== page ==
Analisa, close to death from an epidemic, is saved by some means she doesn't understand. Swept from her hospital bed to a grand gentleman's house and given every luxury she could want, she wonders why the house's owner, Lord Allesandro de Avallone (Lord Allesandro or Lord Avallone? Ashley seems to think that these titles are the same, though they are not) has given her all this. And why Allesandro avoids her, seeing her only for a few minutes at night and is never around during the day.
And then one night when she's caught in the forest in a rainstorm, she stumbles on his secret lair, finding him close to death after an attack from another vampire. Without giving her any indication of what's going on, he feeds from her in order to live. And from then on, she knows that he is a vampire.
And from then on, this book is pretty much like A Darker Dream, though with the addition of an evil vampire villain and a housekeeper instead of a butler who knows Allesandro's secret. The housekeeper is in love with him - a rival for Analisa? Well, not really, though Ashley tries to make it appear so at one point. But other elements are indeed the same: the vast luxuries, Allesandro's frequent attempts to send Analisa away or to abandon her himself, his frequent attacks of conscience when he is driven by the need to feed on her, his demand that she at least once stay by his side when he sleeps during the day, and so on.
Well, Ashley writes Gothic vampire novels, so it shouldn't really be surprising that there are similarities - though even still, neither this nor A Darker Dream match up to Embrace The Night. I would like to see a novel from Ashley in which the heroine is *not* a naive, innocent and poverty-stricken seventeen-year-old, and in which the gulf between hero and heroine is not exacerbated by his wealth, his intelligence and education and familiarity with the ways of high society. Her heroes do begin to run the risk of appearing like paedophiles.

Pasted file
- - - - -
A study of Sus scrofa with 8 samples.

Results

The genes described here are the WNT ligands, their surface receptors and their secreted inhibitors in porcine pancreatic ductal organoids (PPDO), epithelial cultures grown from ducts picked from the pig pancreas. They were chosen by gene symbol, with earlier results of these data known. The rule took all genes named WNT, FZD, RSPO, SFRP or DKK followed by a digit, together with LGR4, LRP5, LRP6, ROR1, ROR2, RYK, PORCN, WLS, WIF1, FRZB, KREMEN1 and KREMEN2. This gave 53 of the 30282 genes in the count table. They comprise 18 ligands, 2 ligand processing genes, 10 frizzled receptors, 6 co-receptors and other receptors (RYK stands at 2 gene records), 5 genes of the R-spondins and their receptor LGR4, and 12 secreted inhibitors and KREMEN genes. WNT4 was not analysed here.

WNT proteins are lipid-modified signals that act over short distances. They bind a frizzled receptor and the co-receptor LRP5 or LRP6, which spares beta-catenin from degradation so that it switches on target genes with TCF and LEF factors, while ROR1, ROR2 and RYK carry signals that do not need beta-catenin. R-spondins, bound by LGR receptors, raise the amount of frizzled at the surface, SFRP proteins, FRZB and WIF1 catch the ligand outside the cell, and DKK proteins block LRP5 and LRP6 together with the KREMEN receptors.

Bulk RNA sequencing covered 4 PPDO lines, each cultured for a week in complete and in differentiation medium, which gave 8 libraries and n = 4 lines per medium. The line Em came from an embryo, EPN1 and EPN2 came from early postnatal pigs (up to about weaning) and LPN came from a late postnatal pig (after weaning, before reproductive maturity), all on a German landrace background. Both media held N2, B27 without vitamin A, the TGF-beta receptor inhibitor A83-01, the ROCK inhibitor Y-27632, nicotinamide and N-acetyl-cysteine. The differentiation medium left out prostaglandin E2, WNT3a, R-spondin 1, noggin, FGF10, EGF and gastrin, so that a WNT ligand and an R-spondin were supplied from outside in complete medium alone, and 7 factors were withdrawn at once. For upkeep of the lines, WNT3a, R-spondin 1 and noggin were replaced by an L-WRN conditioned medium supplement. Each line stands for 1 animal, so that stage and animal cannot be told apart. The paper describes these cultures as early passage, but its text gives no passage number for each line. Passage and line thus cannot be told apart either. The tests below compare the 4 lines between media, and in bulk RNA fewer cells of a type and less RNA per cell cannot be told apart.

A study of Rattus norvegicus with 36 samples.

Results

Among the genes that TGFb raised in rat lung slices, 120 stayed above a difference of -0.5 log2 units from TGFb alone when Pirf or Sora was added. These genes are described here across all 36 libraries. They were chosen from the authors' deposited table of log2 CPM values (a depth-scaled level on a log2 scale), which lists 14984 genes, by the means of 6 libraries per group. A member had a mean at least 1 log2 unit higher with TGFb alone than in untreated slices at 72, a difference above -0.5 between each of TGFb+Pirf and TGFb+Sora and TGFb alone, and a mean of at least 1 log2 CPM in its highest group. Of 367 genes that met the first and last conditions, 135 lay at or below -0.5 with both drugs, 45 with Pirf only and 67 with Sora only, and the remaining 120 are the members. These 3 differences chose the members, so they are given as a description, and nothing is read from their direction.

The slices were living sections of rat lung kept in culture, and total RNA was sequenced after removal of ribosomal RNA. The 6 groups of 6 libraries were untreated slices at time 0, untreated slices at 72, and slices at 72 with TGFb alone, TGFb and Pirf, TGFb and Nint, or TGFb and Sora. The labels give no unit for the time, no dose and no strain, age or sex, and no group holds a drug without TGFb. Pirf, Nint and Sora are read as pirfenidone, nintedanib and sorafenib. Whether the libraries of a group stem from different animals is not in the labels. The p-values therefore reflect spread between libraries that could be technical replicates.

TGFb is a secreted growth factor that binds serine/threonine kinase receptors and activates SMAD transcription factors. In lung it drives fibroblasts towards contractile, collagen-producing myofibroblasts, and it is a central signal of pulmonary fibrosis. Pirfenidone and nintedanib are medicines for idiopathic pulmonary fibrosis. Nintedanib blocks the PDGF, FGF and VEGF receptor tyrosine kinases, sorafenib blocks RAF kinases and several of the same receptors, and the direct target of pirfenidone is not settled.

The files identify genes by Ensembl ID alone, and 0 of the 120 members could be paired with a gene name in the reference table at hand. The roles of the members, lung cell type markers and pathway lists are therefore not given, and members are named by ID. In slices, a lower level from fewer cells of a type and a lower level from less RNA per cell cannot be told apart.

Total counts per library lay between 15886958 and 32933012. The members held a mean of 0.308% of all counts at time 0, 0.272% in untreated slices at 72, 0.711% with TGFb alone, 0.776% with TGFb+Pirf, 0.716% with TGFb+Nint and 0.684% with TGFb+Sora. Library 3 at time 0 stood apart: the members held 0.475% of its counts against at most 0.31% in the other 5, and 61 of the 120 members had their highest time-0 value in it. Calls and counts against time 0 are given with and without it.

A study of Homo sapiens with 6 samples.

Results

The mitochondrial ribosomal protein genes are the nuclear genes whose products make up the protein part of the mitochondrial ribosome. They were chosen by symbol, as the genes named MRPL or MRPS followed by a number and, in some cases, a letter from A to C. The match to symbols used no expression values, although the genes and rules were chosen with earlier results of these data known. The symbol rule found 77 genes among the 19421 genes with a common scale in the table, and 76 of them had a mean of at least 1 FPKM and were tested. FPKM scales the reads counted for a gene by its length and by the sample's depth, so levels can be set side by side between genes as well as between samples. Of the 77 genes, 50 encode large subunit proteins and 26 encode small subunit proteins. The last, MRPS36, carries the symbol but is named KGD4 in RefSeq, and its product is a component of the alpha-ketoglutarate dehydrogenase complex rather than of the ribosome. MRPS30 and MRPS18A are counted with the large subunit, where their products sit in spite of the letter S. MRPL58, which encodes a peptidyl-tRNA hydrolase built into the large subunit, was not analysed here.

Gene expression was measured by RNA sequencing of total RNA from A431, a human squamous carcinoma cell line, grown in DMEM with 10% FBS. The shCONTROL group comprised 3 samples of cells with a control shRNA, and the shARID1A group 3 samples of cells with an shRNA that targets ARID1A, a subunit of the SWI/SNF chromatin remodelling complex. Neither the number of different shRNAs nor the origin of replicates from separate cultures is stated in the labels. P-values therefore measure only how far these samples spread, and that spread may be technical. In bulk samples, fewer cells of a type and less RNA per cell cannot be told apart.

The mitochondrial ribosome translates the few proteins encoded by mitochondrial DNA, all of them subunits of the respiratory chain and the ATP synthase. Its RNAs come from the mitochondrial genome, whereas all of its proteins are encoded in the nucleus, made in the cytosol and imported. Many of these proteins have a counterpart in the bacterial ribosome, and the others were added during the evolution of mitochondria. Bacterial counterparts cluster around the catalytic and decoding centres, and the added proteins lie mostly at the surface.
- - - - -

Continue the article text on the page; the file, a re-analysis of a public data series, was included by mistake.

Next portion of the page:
Finally, this book, we are told, is set in late Victorian times - probably around the 1880s, though this isn't specified. And yet the 'feel' is very much of the Regency period: around the 1800s. The balls, masquerades and Society rules are very much of the Regency (though, Ashley, it was no more than two dances, not three). The period in which this book is set was of the Industrial Revolution: where is the sense that this is a time of new, life-changing inventions? Where are the gas lights that all wealthy people had in their homes by this time, and which were installed in the streets in the posh parts of London? Rail travel was also in its heyday, and the rich rarely travelled by horse-drawn carriage any more. Ashley needs to do a little more research on her period, instead of assuming that 'one size fits all' when it comes to historical England.